Party activists urge Labour to keep Plaid Cymru on the team
Welsh Labour should ditch tribalism and forge firmer links with Plaid Cymru and others on the socialist left, two of its leading party activists have said.
In their book, Clear Red Water: Welsh Devolution and Socialist Policies, Nick Davies and Darren Williams provide a detailed critique of the differences between New Labour and Welsh Labour. They propose that Labour and Plaid should extend their coalition deal beyond 2011, forming joint policy groups to develop a long-term socialist programme for Wales.
The two authors are chairman and secretary of the Welsh Labour Grassroots group, which is pro-devolution and favours a left-wing agenda.
The book’s title is taken from a speech made by Rhodri Morgan in 2002 in which he set out the differences between his political philosophy and that of former Prime Minister Tony Blair.
In the book, Davies and Williams argue that Welsh Labour is facing a choice – it can either revert to being little more than a branch office of New Labour in London, supporting neo-liberal economic policies, or it can further its drive to forge a more radical path.
But to do that, it needs to work with allies on the political left.
They write: “A ‘red-green’ alliance need not be a solution only to electorate stalemate.
“The issues that the One Wales agreement seeks to address will not have been resolved by the conclusion of the present Assembly term and Welsh Labour should therefore consider the possibilities of a longer-term political relationship with Plaid Cymru.
“This need not – and should not – mean ignoring real differences or forswearing electoral competition, but it ought to involve, at a minimum, identifying Plaid as Labour’s preferred coalition partner in advance of further Assembly elections, on the basis of the two parties’ political common ground.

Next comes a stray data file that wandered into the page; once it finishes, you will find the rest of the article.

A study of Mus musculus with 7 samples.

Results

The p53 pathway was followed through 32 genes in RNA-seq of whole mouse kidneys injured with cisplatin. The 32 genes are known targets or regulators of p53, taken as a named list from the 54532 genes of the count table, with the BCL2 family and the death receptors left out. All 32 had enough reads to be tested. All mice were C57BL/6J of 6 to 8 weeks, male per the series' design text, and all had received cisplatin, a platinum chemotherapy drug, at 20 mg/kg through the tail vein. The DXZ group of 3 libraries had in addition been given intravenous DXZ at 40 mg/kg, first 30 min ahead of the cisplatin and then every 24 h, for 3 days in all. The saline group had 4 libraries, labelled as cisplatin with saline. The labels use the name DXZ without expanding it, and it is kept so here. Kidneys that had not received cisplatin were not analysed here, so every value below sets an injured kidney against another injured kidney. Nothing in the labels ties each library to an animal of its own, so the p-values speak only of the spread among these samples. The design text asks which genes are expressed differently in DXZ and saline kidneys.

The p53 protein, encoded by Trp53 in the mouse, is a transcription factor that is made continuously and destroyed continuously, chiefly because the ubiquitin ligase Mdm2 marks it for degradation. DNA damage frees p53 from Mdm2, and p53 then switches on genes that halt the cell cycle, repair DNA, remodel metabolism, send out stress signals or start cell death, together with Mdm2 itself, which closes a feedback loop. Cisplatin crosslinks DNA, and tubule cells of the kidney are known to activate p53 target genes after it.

“It could also, we would suggest, extend to the establishment of bipartisan policy commissions to develop a longer-term governmental programme for Wales, and to encourage rank-and-file members of both parties to work together on issues where they can reach agreement.
“This sort of arrangement could begin to lift Welsh politics above the usual trivial point-scoring, driven by the pursuit of electoral advantage, and pool the intellectual and political resources of the two parties of any size in Wales that claim to stand for socialism and equality.”
Such an alliance, the book argues, could yoke together what the authors say are the two principal challenges facing the Welsh left – the need to bring about a more equal, democratic and sustainable society than we have at present, and the need to end Wales’ status as a poor and peripheral part of the UK.
Davies and Williams added: “It could reconcile the supposedly irreconcilable interests of urban and rural Wales, North and South Wales and English-speaking and Welsh-speaking Wales.
“It could isolate the Tories for the foreseeable future. In so doing it could set a progressive, left-of-centre agenda in Welsh politics for years to come.”
The book also says Welsh Labour needs to revitalise its own democratic processes: “In Wales, the trade union bureaucracy has acted as a consistently conservative force and ‘regional’ secretaries have relished their role as ‘fixers’, becalming rank-and-file rebellion, delivering conference majorities for leadership-approved policies and generally keeping everything running smoothly.
“This is not to say that there is no discussion – the Welsh Policy Forum process provides ample opportunities, over the four-year cycle between Assembly elections, for party units and affiliates to discuss draft documents and for Forum delegates to suggest modifications.
“The fundamental problem, however – as at the British level – is that when those final documents are presented to conference, there is no opportunity to amend them. Until this changes, there will be no real accountability.”